U.S. COMMANDERS are taking an upbeat view of Iran’s close involvement in an assault by Iraqi forces on the city of Tikrit, which has been held by the Islamic State since summer. After reporting that two-thirds of the attackers were from Shiite militias and the operation had “overt . . . Iranian support,” Joint Chiefs Chairman Gen. Martin Dempsey said in a congressional hearing Tuesday that “if they perform in a credible way . . . then it will in the main have been a positive thing.”
Such optimism seems shortsighted. While any reduction in the Islamic State has benefits, the Tikrit operation raises multiple red flags. The United States was excluded by the Iraqi government of Haider al-Abadi; meanwhile, Iran has dispatched its own ground forces, artillery and drones. The assistance is being overseen by a notorious general, Qassem Suleimani, who previously supervised attacks on U.S. forces in Iraq.
Tikrit, the home town of Saddam Hussein, is part of Iraq’s Sunni heartland, so the heavy involvement of Shiite Iran and the militias allied with it could turn what is supposed to be a counterterrorism campaign into a sectarian bloodbath. Even if it does not, a victory would advance Tehran’s goal of extending its influence across Iraq, rather than being limited to the central government in Baghdad and Shiite-populated areas.
Mr. Abadi, who took office promising reconciliation with Sunni leaders, is saying that Tikrit will be turned over to Sunni police and tribes when it is recaptured and its refugee population invited to return. But fewer than 1,000 Sunni fighters are included in the 30,000-strong attacking force; the government has not delivered sufficient arms to Sunni tribes willing to fight the Islamic State. Moreover, Shiite militia leaders, as The Post’s Erin Cunningham reported, have portrayed the offensive as revenge for a massacre of mostly Shiite Iraqi soldiers by the Islamic State in June. For his part, Mr. Abadi alarmed human rights monitors by declaring that “there is no neutral party” in Tikrit and that residents not siding with the attackers would be considered supporters of the Islamic State.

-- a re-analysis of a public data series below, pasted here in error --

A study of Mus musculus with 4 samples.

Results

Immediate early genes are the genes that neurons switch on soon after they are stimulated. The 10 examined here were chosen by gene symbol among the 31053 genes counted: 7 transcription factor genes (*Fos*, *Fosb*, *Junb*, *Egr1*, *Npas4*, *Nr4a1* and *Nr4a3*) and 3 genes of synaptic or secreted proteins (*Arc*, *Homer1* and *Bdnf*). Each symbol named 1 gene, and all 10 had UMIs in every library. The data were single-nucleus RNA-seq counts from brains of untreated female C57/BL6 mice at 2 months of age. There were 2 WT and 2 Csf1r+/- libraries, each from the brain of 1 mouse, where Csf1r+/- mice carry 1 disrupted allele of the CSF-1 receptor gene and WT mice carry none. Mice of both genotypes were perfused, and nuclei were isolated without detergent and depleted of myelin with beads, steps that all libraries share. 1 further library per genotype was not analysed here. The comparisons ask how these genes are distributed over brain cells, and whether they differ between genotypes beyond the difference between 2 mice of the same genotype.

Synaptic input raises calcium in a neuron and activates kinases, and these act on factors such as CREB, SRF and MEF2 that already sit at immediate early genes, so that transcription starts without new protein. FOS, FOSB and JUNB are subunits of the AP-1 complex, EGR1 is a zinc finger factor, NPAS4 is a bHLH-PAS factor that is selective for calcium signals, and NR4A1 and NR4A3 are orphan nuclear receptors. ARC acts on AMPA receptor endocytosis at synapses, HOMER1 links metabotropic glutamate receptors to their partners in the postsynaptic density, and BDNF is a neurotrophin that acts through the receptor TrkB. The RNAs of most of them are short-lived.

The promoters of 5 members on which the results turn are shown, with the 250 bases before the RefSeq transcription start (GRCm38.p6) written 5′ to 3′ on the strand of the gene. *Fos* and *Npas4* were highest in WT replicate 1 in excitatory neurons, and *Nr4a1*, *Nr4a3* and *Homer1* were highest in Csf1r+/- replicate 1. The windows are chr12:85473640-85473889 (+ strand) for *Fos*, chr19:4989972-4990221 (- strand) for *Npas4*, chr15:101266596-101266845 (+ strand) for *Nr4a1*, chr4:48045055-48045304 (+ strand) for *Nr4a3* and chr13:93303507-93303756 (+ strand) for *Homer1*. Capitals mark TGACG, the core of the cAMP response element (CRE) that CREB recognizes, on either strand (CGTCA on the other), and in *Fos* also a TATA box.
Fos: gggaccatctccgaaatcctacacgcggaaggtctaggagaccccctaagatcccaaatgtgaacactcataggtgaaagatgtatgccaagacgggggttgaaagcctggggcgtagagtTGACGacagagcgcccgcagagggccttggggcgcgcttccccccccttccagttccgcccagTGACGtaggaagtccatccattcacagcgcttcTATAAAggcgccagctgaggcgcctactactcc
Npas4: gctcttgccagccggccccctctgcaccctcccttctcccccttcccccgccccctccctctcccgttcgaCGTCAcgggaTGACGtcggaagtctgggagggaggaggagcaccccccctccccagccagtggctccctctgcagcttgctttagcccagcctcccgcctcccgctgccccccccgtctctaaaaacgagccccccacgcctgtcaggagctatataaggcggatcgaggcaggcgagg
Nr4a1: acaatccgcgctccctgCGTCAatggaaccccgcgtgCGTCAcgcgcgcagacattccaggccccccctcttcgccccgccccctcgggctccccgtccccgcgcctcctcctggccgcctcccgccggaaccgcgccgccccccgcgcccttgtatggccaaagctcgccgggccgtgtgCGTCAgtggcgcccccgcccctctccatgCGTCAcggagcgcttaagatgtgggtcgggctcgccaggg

The Tikrit operation underlines the Obama administration’s ill-advised dependence on Iran in an under-resourced Iraq strategy. According to the Wall Street Journal, U.S. officials say a tacit division of labor has developed between Iranian and U.S. forces, with American commanders focused on a planned offensive to retake Mosul, the largest city under Islamic State control, this year. But Iraqi officials are describing Iran as more committed than the United States and expressing irritation at the Obama administration’s slowness to provide resources. They have a point: Iran has deployed the front-line tactical advisers that President Obama has refused to authorize.
By allowing Iran to take the military lead in Tikrit and other parts of Iraq, the United States might speed the destruction of the Islamic State. But the administration is also risking the undoing of all the work that has been done since last summer to prevent Iraq from fragmenting along sectarian lines — and it is allowing Iran to take another step toward replacing the terrorist regime with its own malevolent hegemony.